The good news is that after nine long months of baking pastries and home workouts, the vaccines are finally arriving! In the last few weeks, several world-renown companies, including German-American Pfizer, American Moderna, and the British Oxford-AstraZeneca announced their vaccines had passed the final tests and are going to receive emergency approval to be distributed in the coming weeks, months for some countries. Knowing we can eventually gather and rejoice in the defeat of maybe the most formidable crisis of the early 21st century is nice

However, the most recent research project of MIT Computer Science and Artificial Intelligence Laboratory (CSAIL), points at some dark spots in the face of this victory of science. The researchers of CSAIL claim the current vaccines don’t do as well on non-white people as on the white population. Analyzing vaccine forms similar to the ones developed by Moderna and Pfizer by their advanced Machine learning system, Opti-Vax, they predict that a fraction of percent of the white population will not develop robust immunity to covid-19 after vaccination, contrasting with the much larger value of ten percent in non-white populations.

Nearly all current Covid-19 vaccines are of a subtype named subunit vaccines. These vaccines induce immunity to a pathogen (like the Coronavirus) by introducing some of its components to the immune system, which memorizes the pattern for later encounters. These subunits can be whole proteins or peptides (shorter chains of amino acids that make up proteins like the DNA or RNA) extracted from different parts of the virus. Other vaccines make use of whole -weakened or inactivated- microbe, which is not as safe as the subunit vaccines. This improved safety comes at the expense of less ability to mimic the whole pathogen structure and function and to train cellular immunity. However, not every person’s immune system memorizes the same component alike. In fact, Some subunits do not induce robust immunity in some individuals. Here arises an optimization problem: to maximize the portion of the population for which the vaccine is most effective -population coverage-, by using the optimally effective combination of peptides. 

Taking the protein structural data of the first documented case of COVID-19 virus from Wuhan, the team parsed its proteins into short (8-10 length) and longer (13-25 length) peptides: a pool of nearly 150000 peptides, some of which were known immunogenic peptides, and some not. They used the known immunogenic peptides to select and train a model to predict population coverage. The properties of the other peptides were predicted using a complex machine learning system. 

Percentage of a population that is insufficiently covered by subunit vaccines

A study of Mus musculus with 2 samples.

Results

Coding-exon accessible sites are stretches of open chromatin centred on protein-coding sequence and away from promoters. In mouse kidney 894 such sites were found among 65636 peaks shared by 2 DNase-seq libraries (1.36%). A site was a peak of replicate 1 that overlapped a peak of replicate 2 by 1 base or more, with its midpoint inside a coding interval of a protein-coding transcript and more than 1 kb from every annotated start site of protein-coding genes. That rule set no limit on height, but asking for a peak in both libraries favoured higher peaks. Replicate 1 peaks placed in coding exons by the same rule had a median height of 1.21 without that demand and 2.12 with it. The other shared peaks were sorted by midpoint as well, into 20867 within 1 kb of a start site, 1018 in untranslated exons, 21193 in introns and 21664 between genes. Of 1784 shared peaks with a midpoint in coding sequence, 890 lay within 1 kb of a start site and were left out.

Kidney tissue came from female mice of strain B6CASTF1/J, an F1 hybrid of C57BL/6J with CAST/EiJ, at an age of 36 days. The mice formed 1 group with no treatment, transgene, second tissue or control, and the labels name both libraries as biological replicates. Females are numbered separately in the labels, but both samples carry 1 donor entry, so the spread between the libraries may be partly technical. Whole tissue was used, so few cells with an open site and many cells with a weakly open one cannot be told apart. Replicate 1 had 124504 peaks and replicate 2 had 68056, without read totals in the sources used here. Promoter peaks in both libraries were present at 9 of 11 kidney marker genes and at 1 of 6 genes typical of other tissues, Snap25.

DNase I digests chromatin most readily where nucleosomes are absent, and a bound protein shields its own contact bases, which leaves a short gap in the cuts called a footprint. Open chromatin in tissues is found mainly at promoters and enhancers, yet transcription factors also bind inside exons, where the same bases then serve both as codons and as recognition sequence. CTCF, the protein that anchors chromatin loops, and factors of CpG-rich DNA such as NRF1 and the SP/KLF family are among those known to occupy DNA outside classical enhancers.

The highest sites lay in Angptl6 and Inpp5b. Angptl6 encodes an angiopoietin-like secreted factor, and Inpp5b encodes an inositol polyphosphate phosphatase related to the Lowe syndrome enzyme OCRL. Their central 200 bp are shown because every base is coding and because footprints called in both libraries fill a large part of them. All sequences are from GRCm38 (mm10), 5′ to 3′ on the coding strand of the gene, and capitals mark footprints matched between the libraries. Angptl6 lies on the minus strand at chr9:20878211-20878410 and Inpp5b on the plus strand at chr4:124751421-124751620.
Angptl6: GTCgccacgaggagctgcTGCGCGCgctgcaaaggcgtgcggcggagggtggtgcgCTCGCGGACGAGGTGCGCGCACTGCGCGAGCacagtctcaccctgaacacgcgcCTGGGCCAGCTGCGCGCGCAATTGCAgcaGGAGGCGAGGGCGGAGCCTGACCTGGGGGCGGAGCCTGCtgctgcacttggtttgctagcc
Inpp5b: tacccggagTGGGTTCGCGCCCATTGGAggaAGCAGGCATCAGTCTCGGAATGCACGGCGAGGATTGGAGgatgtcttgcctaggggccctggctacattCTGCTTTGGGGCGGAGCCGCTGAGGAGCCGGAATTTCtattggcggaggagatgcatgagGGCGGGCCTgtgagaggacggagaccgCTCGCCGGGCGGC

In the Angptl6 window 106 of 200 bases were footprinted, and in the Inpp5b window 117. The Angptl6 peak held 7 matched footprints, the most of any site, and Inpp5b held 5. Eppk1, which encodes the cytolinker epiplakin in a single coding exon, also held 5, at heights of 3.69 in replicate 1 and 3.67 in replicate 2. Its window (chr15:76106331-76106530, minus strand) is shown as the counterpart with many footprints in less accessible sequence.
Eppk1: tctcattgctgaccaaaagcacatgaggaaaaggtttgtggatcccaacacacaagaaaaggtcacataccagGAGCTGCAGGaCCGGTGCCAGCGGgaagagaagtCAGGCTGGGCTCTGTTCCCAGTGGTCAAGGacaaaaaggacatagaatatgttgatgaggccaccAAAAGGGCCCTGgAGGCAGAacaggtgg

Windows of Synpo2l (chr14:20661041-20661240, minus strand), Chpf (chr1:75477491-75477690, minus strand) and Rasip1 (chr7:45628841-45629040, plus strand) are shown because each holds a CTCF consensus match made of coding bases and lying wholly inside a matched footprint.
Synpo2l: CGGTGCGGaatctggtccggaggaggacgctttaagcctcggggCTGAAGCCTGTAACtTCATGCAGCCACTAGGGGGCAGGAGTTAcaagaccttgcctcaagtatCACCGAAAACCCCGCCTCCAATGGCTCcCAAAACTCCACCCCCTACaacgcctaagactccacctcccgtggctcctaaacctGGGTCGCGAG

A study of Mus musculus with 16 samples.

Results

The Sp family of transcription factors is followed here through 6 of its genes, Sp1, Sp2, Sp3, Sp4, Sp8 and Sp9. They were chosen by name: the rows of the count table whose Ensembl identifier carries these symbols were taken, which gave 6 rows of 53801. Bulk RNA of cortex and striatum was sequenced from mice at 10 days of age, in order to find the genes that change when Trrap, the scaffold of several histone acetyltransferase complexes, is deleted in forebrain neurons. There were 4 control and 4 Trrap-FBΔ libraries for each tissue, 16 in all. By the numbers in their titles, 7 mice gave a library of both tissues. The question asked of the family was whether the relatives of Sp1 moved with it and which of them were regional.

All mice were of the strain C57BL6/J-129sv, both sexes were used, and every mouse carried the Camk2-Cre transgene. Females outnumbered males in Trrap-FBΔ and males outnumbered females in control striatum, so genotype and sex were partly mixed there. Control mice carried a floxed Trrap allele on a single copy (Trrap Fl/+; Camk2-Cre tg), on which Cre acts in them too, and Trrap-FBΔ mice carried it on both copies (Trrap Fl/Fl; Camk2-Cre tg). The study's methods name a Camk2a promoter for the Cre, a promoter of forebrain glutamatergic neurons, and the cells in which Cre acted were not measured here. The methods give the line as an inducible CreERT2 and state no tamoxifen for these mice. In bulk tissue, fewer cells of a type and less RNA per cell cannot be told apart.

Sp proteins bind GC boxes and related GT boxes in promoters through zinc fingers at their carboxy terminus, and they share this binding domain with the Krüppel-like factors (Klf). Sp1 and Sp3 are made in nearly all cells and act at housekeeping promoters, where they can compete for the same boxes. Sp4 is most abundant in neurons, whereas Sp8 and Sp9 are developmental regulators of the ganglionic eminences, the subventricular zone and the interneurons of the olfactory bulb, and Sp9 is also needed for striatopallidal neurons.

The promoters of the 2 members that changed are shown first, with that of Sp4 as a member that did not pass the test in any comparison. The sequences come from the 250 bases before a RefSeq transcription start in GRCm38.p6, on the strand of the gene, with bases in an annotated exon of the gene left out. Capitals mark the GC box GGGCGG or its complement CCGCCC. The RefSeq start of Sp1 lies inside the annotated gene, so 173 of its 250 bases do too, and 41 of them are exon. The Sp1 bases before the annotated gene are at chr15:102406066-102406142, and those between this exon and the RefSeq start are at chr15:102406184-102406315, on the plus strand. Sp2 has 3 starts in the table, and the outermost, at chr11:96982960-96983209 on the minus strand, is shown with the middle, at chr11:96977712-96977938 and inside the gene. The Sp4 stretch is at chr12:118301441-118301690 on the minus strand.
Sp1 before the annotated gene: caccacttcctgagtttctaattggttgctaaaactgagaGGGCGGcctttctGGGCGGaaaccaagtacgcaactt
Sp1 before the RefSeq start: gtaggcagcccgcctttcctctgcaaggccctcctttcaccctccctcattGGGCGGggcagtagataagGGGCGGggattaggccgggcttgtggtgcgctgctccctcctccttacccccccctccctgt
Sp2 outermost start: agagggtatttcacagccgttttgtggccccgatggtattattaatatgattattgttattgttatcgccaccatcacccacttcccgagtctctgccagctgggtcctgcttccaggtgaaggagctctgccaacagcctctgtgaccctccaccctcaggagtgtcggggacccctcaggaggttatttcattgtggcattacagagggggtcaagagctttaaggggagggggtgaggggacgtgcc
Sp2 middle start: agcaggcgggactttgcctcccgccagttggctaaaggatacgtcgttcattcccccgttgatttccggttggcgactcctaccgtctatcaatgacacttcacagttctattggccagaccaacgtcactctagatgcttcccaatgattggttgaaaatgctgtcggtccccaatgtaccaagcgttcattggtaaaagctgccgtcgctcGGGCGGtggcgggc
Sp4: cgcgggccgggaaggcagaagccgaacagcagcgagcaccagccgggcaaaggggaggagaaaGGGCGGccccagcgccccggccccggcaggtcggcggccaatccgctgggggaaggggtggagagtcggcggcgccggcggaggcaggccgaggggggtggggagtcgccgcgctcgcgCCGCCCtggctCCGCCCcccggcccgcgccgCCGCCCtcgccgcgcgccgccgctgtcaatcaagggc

The team used previously-extracted genetic and immunologic data of several thousand self-reported black, white, and Asian people to simulate the effect of coronavirus vaccines similar to those produced by Pfizer and Moderna. They considered nine different vaccine formulations with peptides taken from different parts of the virus’s cell structure.

Using all this data, the CSAIL team predicted the population coverage of vaccines through the EvalVax-robust system. They defined population coverage as the fraction of individuals predicted to produce -according to the terms defined by researchers- good enough immunologic response to the SARS-Cov19 virus. Average population coverage is defined as the unweighted average of population coverage of the three groups.

The results of the study point that the coverage gaps are bigger in non-white populations. As MIT professor David Gifford, senior author of the paper says: “There are obviously many other factors to consider, but our preliminary results suggest that, on average, people of Black or Asian ancestry could have a slightly increased risk of vaccine ineffectiveness, Our work shows that clinical trials need to carefully consider ancestry in their study designs to ensure that efficacy is measured across an appropriate population.”

Finally, the CSAIL team made use of their AI system to augment current vaccine formulae. They used optiVax to reach the optimal combination of peptides which when added to each studied subunit, increases its population coverage to nearly a full one hundred percent and uses the most diverse peptide combination. According to the researchers, the resulting peptide combination effectively describes the cellular immunologic fingerprint of a pathogen, maximizing the number and diversity of the people made immune to COVID-19.